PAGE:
Journal of Margaret-Holly Adkins, 1776

(COMPLETED) What would it have been like to be a girl growing up in Colonial America, in 1776? Learn about the life of Margaret-Holly Adkins through her inspiring journal entries. Read along as she deals with her friends and family life, as well as the struggle of being a proper young lady of her time, and fitting in with society's borders. Yellow for death and disease.

*I am not a historian, this isn't non-fiction. Facts may be bended for storytelling purposes. Please self-asses yourself before reading. There are some parts and references of death and disease. Happy Reading!


23. February 4th, 1776

I went into town with Elizabeth today. When we got to Mr. Ronald’s store however, we didn’t see the bright young eyes of William. Except we began to exchange greetings with Mr. Ronald himself, but we could tell something was wrong.


“It’s William! Where is he? What happened to him? Is he alright?” Elizabeth had a sudden realization. “William struck fever last night. He was rushed to the doctor and is in the sick hall there.” Mr. Ronald patted Eliza’s shoulder. “Are you Miss Eliza Adkins, the young lady William is always talking about?” Mr. Ronald smiled, and Eliza nodded.


“I’m so sorry, Mr. Ronald, I would love to talk on another date, but I haven’t got time for conversations. I must go see my William! Thank you so much-” Eliza took my arm. “You are coming with me!” She said, and we bid farewell to Mr. Ronald as we left his store.


She ran across the cobblestones, and I followed. We must have looked awfully frantic, picking up our dresses and our hair flowing behind us. Or perhaps pretty. We ran up the large hill to the town square, and made a turn to the side of Pine Street. We found the doctor’s place and rushed inside.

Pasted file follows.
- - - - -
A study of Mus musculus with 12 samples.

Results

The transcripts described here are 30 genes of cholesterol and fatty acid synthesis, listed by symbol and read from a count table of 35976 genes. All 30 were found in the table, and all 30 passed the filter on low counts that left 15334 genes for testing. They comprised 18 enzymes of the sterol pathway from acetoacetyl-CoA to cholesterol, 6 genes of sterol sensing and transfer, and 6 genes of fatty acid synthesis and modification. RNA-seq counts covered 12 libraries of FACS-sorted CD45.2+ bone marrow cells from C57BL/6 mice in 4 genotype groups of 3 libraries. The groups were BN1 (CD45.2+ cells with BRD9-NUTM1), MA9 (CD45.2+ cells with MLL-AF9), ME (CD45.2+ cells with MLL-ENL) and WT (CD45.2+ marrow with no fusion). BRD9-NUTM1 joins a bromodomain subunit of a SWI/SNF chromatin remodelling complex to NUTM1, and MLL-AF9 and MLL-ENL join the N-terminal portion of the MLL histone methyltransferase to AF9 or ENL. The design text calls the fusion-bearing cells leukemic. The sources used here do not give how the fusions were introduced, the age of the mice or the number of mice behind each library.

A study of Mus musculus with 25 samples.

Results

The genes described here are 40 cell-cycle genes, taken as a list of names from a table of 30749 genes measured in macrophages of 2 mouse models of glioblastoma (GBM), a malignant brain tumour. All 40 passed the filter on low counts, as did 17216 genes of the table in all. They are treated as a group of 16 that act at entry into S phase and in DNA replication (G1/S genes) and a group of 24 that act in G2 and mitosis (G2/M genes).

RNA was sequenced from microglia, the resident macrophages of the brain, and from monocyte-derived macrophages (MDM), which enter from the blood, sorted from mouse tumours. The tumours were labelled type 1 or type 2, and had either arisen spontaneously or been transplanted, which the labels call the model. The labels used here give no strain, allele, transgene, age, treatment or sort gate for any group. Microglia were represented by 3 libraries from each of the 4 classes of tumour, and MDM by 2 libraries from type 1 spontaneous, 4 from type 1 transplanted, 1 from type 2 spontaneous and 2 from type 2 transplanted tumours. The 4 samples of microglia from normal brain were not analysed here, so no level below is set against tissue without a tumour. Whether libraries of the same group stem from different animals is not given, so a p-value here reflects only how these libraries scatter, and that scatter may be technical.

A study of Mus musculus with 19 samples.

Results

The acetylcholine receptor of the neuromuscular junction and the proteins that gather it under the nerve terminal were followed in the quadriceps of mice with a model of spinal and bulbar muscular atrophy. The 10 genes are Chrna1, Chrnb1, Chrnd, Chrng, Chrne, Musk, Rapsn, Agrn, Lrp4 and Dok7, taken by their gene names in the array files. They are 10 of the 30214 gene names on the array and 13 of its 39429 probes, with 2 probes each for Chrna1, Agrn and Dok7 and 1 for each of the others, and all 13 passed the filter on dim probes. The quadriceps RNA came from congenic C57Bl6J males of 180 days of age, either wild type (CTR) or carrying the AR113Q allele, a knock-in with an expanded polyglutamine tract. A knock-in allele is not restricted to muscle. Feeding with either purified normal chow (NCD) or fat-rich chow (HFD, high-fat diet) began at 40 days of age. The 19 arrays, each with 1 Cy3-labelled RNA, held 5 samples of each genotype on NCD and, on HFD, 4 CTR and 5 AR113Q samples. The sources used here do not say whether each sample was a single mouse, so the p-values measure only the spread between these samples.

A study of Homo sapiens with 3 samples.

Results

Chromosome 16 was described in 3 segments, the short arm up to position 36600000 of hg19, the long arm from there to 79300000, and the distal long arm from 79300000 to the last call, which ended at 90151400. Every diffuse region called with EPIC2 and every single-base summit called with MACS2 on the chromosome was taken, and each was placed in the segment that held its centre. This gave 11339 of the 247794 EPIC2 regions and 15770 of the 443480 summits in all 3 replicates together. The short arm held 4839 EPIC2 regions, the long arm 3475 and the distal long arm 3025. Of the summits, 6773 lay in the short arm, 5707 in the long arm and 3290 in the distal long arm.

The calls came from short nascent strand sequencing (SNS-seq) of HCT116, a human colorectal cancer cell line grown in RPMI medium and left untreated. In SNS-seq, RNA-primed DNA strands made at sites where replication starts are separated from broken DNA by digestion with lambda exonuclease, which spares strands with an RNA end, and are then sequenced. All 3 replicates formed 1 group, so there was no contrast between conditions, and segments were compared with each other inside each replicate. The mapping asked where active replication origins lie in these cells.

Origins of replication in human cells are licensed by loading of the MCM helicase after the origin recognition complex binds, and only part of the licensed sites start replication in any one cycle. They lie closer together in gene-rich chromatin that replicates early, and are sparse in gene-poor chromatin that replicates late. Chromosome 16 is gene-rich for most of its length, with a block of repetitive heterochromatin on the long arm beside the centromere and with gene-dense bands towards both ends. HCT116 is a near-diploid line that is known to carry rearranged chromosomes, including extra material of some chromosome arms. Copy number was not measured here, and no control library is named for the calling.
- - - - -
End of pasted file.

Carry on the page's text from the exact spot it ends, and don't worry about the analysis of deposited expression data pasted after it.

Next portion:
“Please doctor! I am so tired and it has been so long, please, may I see my William? Quickly, for just a minute- I must see him!” The attendant sitting by the front desk calmly responded. “Mr. Ronald’s apprentice?” Eliza nodded, out of breath. “I am sorry, but, you cannot see him, he is too sick.” The doctor didn’t dare look Eliza in the eyes as she spoke.


“What?” Eliza whispered feebly. It was hard to believe just a few seconds ago she was almost yelling, because now she was close to tears. She rushed back and sank into the nearest arm chair. “All I want to do is see him….” Eliza’s voice trailed. “I’m sorry, M’am but you cannot.” Eliza stood up sharply. “I must! I must!” She said. “No, I must go and see him!” And with that Eliza walked promptly into the hallway.


Eliza ran down the halls, peering into every room just a bit. I followed her frantic self stomping down the hall through the outside alleyway. When she got to the back of the hall, reserved for the sickest, she clenched her heart and ran inside. I watched from the window at the end of the hall as her eyes met William’s. And just at that moment, a loud mess of a sister turned into a heartbroken Eliza.


William lay still, and asleep, his eyes closed in the dark, grey, musty room. Little sunlight filtered through the one other window then the one I was watching from. Silent tears rolled down Eliza’s cheeks. She slowly and carefully walked over to the chair by William’s bed.


Only now had she realized. William was sick. Really sick. Really, really sick. I think it had just taken a bit to really sink in, and register in her mind. Little did she know but last night, while she was stirring and asleep, William was rushed to the hospital. And Eliza wasn’t there to see it. I think she felt bad. For all she or I knew, there would be a chance that William could never wake up. Not ever. And Eliza would have never gotten to say goodbye.


“My William. I love you.” Eliza kissed William gently. “You will always be mine. I love you. Thank you. Thank you so much.” Eliza put her hand over William’s heart. “Goodbye.” She whispered, with a final kiss. And at that last moment, William’s chest came to it’s last rise and fall. Rise and fall. Rise. And… fall.